Happy Valley : ‘Fed up with living in filth’

2011-04-11 00:00

THE community of Happy Valley in Woodlands (Ward 32) is fed up with living in an unhygienic environment infested with the stench of faeces from blocked sewers that have been poorly maintained for the past three years.

Conditions have deteriorated to the extent that a blocked sewer has created a pool of waste along the railway line neighbouring the Maphumulo, Zondi and Ndlovu families.

Resident Thandi Maphumulo said their cries for help to Msunduzi Municipality over the past three years have not been heeded.

She said the problem started when the municipality cancelled funding for the community-based maintenance (CBM) project, which had even won a national award for keeping their area clean.

“I was the chairperson of the CBM and when we ran that project we never used to experience these problems, because we ensured cleanliness in our area,” said Maphumulo.

“As a result of this unhygienic environment, our children have respiratory associated diseases and we are now forced to stop them from playing outside.”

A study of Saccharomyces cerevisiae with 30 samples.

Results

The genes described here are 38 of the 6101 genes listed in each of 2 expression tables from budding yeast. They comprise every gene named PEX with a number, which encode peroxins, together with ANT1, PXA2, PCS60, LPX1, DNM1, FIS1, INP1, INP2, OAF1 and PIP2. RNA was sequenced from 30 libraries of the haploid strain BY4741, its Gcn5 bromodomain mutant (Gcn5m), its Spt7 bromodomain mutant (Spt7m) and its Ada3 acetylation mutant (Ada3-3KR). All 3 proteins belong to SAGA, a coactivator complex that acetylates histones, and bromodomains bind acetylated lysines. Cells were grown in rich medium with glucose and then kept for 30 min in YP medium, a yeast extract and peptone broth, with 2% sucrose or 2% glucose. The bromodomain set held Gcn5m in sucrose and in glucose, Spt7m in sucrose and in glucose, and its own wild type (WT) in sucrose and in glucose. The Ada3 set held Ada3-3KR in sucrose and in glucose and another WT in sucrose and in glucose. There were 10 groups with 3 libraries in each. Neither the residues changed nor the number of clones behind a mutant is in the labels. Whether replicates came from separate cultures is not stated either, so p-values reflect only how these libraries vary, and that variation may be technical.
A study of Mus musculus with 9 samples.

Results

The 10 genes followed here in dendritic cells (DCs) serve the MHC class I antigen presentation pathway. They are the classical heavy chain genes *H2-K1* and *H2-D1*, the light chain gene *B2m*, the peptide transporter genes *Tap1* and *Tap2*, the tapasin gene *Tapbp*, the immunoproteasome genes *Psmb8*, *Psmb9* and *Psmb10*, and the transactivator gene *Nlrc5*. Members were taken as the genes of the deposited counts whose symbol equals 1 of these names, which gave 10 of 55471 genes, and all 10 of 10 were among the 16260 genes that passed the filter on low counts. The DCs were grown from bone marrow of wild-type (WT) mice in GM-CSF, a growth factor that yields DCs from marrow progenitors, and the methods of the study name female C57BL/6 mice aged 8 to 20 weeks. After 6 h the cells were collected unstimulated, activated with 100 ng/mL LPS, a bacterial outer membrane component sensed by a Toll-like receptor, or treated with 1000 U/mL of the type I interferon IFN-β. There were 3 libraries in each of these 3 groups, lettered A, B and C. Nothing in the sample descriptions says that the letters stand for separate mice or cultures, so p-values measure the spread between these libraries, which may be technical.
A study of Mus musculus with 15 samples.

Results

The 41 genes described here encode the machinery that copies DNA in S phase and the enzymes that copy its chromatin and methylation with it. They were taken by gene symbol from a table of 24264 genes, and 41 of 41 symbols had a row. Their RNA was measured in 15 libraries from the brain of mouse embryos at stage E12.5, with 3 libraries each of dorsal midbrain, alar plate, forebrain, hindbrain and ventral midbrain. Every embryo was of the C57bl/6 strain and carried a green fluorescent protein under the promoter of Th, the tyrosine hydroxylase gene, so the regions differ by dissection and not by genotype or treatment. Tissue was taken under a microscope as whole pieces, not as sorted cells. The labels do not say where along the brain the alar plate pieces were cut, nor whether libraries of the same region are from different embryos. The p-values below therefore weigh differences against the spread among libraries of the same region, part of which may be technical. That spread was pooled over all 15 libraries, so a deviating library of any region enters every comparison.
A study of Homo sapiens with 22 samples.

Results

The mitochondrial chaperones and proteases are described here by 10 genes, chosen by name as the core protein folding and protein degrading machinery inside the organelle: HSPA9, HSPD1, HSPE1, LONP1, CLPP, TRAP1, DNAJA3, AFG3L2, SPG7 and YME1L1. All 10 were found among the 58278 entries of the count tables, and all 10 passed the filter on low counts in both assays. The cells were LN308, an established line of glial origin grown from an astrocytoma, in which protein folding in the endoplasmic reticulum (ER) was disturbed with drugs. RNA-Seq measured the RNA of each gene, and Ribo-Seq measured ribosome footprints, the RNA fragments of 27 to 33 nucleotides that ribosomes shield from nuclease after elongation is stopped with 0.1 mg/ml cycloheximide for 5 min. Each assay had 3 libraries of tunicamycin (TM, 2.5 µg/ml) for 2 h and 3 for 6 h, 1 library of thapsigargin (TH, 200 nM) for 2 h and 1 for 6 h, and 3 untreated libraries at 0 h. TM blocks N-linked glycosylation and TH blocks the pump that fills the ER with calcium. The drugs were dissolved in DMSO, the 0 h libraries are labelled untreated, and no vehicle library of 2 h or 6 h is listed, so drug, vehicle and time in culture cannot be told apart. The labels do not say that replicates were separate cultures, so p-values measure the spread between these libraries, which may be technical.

Maphumulo said the area is also infested with mosquitoes.

Her daughter Nontokozo said, “I have been diagnosed with tuberculosis (TB) and was told at the clinic that my sickness has to do with living in a place that is a health hazard. I can’t even work because I have to nurse my condition.”

Community members said they not going to vote for the ANC because they neglected their community.

Ward 32 councillor Patrick Moon said, “I have been trying to get the municipality to do something about this matter for the past two years, but they have not helped.”

He said he fought with the municipality to continue funding the CBM, to no avail.

“I even spoke to Johann Mettler to allocate some funding just to get this problem sorted out. As a result of the lack of funding the area has deteriorated, there is no proper collection of waste, verges are overgrown and we have a general problem with poor maintenance in the area,” added Moon.

Msunduzi spokesperson Brian Zuma said, “We are aware of the problem, but it is not like we have not been responding to it. The problem is that our people find foreign objects like newspapers and rocks in sewer mains.”

He said they have prioritised for the new financial year to redirect the sewer mains so that, in an event where blockages occur, it takes place away from the residential area.

“We will attend to the current blockage as we normally do, because it is against the health regulations,” he added.